Isn't it thoroughly incongruous that the country's regulating body in charge of food safety, the Bangladesh Food Safety Authority (BFSA), considers hygiene instead of food safety their foremost priority? A FE report last week brings out this rather bizarre narrative that the state agency responsible for ensuring food safety in the country is more concerned about hygiene than food safety in restaurants, eateries, bakeries, super stores, food processing units -- ostensibly because the latter is too huge and too challenging to deal with!
At a certificate awarding ceremony to hotels, restaurants and sweetshops at a hotel in the capital, BSFA senior officials said that at the moment it is hygiene that they want to see maintained in places where food is sold or served. The obvious question here is: can hygiene alone ensure safety of foods? While hygiene is only a part of the package called food safety, emphasising it alone is, in other words, rendering the package hollow and the drive for food safety pointless. Clearly, any hotel, restaurant or bakery can get away with the crime of food adulteration by maintaining hygiene only. And so, grading hotels and restaurants only on maintenance of hygiene is self-defeating.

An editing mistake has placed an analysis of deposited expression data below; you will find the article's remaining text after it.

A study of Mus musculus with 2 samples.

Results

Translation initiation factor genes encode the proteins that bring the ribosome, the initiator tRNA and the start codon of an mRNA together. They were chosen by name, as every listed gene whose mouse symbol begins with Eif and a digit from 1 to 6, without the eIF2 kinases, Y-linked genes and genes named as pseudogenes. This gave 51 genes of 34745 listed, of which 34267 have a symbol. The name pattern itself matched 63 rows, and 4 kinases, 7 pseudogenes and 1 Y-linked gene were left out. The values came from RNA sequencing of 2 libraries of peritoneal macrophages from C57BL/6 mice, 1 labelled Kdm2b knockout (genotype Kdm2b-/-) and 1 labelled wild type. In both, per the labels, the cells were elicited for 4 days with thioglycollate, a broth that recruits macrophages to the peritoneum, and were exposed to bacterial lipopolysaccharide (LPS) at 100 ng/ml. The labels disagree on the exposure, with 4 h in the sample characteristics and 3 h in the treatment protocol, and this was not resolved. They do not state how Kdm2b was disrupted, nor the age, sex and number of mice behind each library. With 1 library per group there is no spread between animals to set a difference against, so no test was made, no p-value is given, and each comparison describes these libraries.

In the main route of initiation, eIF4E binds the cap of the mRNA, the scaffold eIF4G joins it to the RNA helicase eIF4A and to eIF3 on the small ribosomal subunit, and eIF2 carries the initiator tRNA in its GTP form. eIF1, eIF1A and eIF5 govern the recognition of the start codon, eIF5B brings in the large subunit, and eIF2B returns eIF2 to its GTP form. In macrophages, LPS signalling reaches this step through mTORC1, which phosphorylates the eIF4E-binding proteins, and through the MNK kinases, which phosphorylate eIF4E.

Food adulteration, needless to say, is a dreaded reality for most varieties of foods in the country. The upsetting thing is that it is going unabated despite enactment of the Safe Food Law and measures for punishing the offenders at various tiers of production, distribution and marketing of food items. Over the years, it has been seen that occasional drives in hotels, restaurants, kitchen markets and super stores do not help as it is the production and marketing chain that is instrumental in causing the food market to be so notoriously defiant and unruly. Sporadic raids with fines, even hefty, have proved too temporary to leave any impact on the market. It is here that the role of a dedicated regulating body equipped with necessary human, logistic and financial resources can be expected to be effective in not only reining in the malpractices but also in developing safety protocols for the entire food chain.
Now that a dedicated agency, the BSFA, has been set up with the mandate to mend things across the food chain, there is no scope for undirected moves. But grading hotels and restaurants only on maintenance of hygiene is too naïve a move to justify setting up of the long awaited state agency. For all practical purposes, it is the duty of the BSFA to methodically proceed in its task. While strict enforcement of rules should be its targeted objective in ensuring that adulterated, harmful, date-expired foods are not sold or served to the consumers, there should also be adequate groundwork and mechanism to put effective deterrence to production and marketing of these foods. It is thus highly important that the BSFA assumed its mandated role and made its presence strongly felt with unfailing vigil. No doubt, criminality in food business has taken a sinister shape and slack steps have allowed it to prosper to the present level.